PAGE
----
Recycling. It’s one of, if not the, only way that the impact of excessive consumerism (or, for that matter, mild or moderate consumerism) can be curtailed. And while recycling has increased in the last decade, it’s still not anywhere near where it needs to be to create a reasonable and realistic carbon footprint for the world as a whole. As you’re setting your own recycling goals, consider all of the following facts.


Fact One: There’s A Lot of Room for Improvement

Over 75% of waste in the U.S. is recyclable, but only about 30% of it is actually being recycled. That leaves a lot of room to create more postconsumer materials out there!


Fact Two: Food Can Be Recycled, Too.

Just because something is food matter, it doesn’t necessarily mean that it’s trash that can’t be recycled. Composting food can reduce a significant amount of carbon emissions, especially given how much food Americans waste each year. How much exactly? Americans generate about 21.5 million tons of food waste per year. If all of that food waste were composted, it would remove the same amount of greenhouse gases as taking almost two million cars off of the roads.


Fact Three: Fall in Love with Aluminum

Stop! Think about the real life energy that you could create by recycling that aluminum beverage can that you’re drinking from. Recycling one aluminum can saves enough energy to listen to a full album on an iPod. Recycling a hundred aluminum cans can create enough energy to light a room in your house for an entire week. In fact, recycling aluminum is so efficient that recycling cans saves 95% of the energy that would be required to make them from new materials.


Fact Four: Pulp Fact

A ton of paper (and yes, paper is still used even with the rise of digital books and newspapers) from recycled material saves seventeen trees and uses fifty percent less water than making paper from virgin pulp does.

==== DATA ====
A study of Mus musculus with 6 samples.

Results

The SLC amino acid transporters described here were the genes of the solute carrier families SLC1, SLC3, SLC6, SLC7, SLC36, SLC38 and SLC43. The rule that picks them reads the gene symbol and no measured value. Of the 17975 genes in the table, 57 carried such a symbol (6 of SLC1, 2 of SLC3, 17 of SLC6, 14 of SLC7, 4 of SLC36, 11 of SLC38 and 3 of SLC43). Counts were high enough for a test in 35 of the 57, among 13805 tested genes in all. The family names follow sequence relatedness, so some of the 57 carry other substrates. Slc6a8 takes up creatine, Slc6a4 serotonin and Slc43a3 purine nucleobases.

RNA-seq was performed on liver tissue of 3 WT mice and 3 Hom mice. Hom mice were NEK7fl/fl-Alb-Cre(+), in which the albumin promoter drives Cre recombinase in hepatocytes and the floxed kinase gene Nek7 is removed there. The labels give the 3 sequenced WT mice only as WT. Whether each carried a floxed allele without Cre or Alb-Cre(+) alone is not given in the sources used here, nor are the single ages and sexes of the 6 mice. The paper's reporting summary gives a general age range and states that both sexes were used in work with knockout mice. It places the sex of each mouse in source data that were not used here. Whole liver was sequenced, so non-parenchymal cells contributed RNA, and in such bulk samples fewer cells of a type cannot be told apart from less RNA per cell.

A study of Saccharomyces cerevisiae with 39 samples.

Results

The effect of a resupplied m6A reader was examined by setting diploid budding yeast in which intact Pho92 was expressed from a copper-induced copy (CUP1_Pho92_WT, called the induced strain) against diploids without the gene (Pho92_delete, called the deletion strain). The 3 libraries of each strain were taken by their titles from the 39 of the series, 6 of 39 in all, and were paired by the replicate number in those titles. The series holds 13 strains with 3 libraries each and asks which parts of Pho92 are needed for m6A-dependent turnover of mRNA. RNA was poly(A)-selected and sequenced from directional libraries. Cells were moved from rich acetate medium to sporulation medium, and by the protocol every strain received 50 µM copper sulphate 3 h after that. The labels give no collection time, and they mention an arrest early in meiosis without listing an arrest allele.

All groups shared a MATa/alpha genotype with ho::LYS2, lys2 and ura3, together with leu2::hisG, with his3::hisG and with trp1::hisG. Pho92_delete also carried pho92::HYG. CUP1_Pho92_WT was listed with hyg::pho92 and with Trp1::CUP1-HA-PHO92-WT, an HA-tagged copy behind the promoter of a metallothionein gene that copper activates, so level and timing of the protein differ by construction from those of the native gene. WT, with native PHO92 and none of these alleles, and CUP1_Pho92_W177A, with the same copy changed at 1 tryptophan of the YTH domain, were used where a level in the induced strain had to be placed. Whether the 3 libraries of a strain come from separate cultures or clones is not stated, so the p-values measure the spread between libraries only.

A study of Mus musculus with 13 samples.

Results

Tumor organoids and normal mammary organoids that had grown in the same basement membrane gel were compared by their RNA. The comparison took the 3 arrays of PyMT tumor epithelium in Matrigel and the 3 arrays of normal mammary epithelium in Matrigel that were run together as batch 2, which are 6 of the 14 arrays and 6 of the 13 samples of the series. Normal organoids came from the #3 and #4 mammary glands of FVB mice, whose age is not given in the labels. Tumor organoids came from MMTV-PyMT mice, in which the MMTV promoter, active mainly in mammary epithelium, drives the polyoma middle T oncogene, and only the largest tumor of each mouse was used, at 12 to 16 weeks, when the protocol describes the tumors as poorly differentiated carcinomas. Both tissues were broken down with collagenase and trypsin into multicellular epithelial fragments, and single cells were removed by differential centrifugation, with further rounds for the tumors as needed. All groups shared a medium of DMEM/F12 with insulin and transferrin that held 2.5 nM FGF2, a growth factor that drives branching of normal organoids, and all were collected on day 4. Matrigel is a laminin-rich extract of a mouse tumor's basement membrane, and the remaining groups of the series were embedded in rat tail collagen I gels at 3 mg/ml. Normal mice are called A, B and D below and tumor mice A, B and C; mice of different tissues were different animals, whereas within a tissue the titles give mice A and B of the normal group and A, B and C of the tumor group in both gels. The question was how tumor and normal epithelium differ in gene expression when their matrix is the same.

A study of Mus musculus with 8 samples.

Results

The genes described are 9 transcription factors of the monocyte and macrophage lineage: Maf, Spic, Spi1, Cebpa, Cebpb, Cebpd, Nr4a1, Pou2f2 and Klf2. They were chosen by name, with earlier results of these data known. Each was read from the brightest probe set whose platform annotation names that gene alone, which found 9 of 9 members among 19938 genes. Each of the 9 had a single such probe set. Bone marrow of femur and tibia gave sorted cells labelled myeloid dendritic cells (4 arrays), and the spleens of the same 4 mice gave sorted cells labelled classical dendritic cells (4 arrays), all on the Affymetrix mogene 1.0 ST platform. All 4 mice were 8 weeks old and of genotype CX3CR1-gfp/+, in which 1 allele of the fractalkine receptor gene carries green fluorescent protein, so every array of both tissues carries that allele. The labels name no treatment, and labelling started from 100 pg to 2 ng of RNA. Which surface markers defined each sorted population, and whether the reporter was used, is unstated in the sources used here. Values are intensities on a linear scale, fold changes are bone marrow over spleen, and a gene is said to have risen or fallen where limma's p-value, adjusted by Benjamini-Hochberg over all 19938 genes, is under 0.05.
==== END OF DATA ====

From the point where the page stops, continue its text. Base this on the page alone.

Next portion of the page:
Fact Five: There’s Value in Your Trash

We don’t mean the antiques in grandma’s hidden hoarding stash (though those may have value as well). According to the Container Recycling Institute, the estimated thirty-six billion aluminum cans that make it into landfills each year have a scrap metal value of more than $600 million. It’s very possible that in the future we’ll find ourselves mining our own landfills for a resource we once casually threw away.


Fact Six: Trash as Your Body Weight

The average American throws away about 4.4 pounds of trash per day, or 30.8 pounds per week. At an average weight of 160 pounds, that means that the average American is throwing away over 18% of their own body weight in trash every week.


Fact Seven: Speaking of Digital…

We’re not going to pretend that digitizing doesn’t have its own carbon footprint, but when you think of the need for trees it’s compelling to think about digitizing. Each year, more than thirty million trees are cut down to create a year’s supply of newspapers.


Pro Tip: You can easily consume fewer digital resources. Here’s how.

 About Recycling

Fact Eight: Eat Oranges. Avoid Takeout.

Especially if your takeout comes in Styrofoam containers. It takes an orange peel six months to decompose. It takes 400 to 500 years for a Styrofoam cup to decompose.


Fact Nine:  Living in a Plastic World

Americans throw away 2.5 million plastic bottles every hour. The United States alone makes enough plastic film each year to shrink wrap the entire state of Texas. And significant reduction doesn’t take a huge choice about going entirely plastic free. If only ten percent of Americans bought products with less plastic packaging only ten percent of the time, about 144 million tons of plastic could be eliminated from landfills.


Pro Tip: Know the facts. This is how long it takes for a plastic bottle to biodegrade.


Fact Ten: We Can Do Better

The U.S. buried or burned more than 166 million tons of resources—paper, plastic, metals, glass and organic materials—in landfills and incinerators in 2008 alone.  As the population has grown, so has the waste generated by Americans. We can do better.